Thursday, 11 July 2019
Criminal Justice (International Co-operation) Bill 2019: Committee Stage (Resumed) and Remaining Stages
To a large extent I agree with what Deputy Maureen O'Sullivan said about inadequate procedures for victims in the South. Having said that, I do not believe this amendment is heavily weighted in one direction or another. It simply is to ensure the potential for oversight. I hope that any legislation that would exist in the North - we would argue for it likewise - and the British legislation would have the potential for oversight.
I do not accept what the Minister said. He is incorrect in his comments on drafting of the amendment. It is a mistaken understanding of the sequencing. The Minister spoke about referring back to the High Court judge who will undertake the questioning or testimony, but, of course, that testimony will not happen if the request has been refused. This happens at the stage that it has been refused or refused in part. Therefore it would actually be happening before the procedure the Minister is talking about. From a drafting point of view there is no difficulty there and it clearly stands on its own. It does not have to refer back to the other procedures because what would happen if the judge was not satisfied that the Garda Commissioner was applying the section correctly. That is quite clear and is there in black and white. From a drafting point of view, I am very confident that it is properly worded.
From a policy point of view on the rights and wrongs of this, the comments of both the Minister and Deputy O'Callaghan assume that everything works as it should. We would not have legislation like this if everything worked as it should. Clearly one would hope and I would expect that the Garda Commissioner - and anyone holding that office in years to come - and the gardaí will co-operate properly in a spirit of trust, co-operation and desire to assist the victims of the conflict. I hope they would apply the section correctly and that they weigh up the three considerations they have been asked to weigh up here.
When the request comes in, there are two potential refusals: the Garda Commissioner could refuse to facilitate the testimony by correctly applying these tests or the Garda Commissioner might not apply them correctly and refuse to co-operate for reasons that do not fit within the three categories outlined.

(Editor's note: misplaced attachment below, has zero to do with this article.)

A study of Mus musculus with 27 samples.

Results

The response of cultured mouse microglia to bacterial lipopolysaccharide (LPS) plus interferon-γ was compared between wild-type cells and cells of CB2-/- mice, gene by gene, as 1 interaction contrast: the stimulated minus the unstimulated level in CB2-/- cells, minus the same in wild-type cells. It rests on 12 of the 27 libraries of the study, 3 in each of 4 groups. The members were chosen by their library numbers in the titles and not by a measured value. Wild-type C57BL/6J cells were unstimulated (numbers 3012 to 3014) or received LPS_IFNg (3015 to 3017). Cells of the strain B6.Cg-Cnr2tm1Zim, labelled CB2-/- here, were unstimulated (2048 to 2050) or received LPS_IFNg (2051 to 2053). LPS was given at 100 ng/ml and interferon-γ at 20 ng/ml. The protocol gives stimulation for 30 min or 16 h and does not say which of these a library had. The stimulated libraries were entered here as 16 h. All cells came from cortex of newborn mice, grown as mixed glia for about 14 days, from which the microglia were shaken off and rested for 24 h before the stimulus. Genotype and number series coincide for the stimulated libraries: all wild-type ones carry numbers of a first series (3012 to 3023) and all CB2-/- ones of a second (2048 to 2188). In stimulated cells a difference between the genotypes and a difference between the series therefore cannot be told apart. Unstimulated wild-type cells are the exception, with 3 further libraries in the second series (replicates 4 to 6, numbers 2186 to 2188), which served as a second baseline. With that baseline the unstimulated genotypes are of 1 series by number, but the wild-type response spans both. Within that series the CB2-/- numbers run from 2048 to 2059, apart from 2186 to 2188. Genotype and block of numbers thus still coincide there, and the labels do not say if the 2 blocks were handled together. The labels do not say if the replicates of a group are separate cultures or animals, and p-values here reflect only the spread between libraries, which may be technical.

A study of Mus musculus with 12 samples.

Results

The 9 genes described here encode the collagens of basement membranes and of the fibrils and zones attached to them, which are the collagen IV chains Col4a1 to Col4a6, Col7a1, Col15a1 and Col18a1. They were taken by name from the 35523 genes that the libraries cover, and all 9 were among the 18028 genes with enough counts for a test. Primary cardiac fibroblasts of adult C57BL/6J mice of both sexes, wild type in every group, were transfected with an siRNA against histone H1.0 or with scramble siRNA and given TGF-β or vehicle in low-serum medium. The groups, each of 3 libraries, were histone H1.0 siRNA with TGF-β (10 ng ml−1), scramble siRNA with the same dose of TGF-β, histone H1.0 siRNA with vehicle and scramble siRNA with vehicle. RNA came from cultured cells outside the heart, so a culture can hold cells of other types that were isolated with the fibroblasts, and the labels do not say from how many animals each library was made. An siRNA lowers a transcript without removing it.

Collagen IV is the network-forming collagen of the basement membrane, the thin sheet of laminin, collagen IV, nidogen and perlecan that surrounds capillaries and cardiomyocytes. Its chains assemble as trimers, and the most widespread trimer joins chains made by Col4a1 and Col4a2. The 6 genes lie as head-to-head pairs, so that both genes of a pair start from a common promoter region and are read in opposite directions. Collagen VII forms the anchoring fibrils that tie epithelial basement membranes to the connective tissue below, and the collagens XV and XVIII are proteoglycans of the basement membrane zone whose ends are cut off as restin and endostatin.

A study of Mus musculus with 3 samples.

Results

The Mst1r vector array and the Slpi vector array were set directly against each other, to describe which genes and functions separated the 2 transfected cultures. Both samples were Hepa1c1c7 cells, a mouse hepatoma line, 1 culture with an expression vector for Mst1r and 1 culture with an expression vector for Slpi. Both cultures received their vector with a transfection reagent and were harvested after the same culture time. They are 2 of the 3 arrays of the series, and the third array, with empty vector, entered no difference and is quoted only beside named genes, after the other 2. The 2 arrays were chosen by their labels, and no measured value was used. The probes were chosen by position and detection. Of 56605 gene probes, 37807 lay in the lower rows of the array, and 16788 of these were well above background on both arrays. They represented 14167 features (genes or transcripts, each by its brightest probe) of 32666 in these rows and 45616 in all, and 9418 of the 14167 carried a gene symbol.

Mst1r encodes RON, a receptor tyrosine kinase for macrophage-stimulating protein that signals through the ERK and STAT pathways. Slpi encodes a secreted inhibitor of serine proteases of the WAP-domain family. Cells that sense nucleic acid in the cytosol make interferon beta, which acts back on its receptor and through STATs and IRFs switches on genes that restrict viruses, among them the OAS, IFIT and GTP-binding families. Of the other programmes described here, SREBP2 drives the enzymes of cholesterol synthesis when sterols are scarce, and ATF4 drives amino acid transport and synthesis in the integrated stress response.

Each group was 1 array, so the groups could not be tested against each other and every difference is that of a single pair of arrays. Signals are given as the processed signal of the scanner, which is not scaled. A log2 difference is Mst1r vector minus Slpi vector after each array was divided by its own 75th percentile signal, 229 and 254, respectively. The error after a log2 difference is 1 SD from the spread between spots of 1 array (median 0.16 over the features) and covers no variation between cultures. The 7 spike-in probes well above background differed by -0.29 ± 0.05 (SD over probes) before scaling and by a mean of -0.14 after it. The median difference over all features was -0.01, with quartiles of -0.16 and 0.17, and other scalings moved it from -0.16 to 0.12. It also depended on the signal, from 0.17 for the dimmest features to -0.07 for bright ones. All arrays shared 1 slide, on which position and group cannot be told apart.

Deputy O'Callaghan spoke about a judicial review. I am not sure the coroner could seek a judicial review of the decision of the Garda Commissioner as outlined in section 3. Even if he or she could, I am sure it would be a very difficult situation for the coroner of another jurisdiction to seek a judicial review against the Garda Commissioner in this jurisdiction.
Deputy O'Callaghan also talked about proceedings in camera. Much of this procedure needs to be carefully managed. It has to be careful in terms of it being tight and all the rest of it. Therefore I think that is appropriate. It would be difficult to have a review of the grounds given considerations such as security, prejudice and criminal investigations. I am not sure it would be possible to have an examination by the High Court judge of the Garda Commissioner's grounds unless the Garda Commissioner was in a position to be perfectly frank and I am not sure that could possibly happen in a public hearing.
The same High Court judge could potentially conduct a judicial review or could potentially conduct the testimony as provided for in section 3. It is important that the High Court judge would have the opportunity to hear what the Garda Commissioner is saying and accept or not accept that he or she had applied the section correctly.
We all expect and hope, and I am quite optimistic, that all requests for co-operation will be facilitated as best as possible and that this section would be applied correctly, as I believe it will be. However, in this legislation, as in other legislation, there must be provision for cases where the procedures do not work as they are meant to because they do not always. We would not be dealing with legislation of this kind if public authorities always acted as they should. Therefore it is a perfectly proportionate, carefully weighted opportunity for the coroner to seek a review in a manner that is very much in the spirit of the rest of the legislation. It keeps it very carefully protected where that is necessary but also ensures that people have every opportunity to have co-operation regarding inquests into what happened to their families and to them.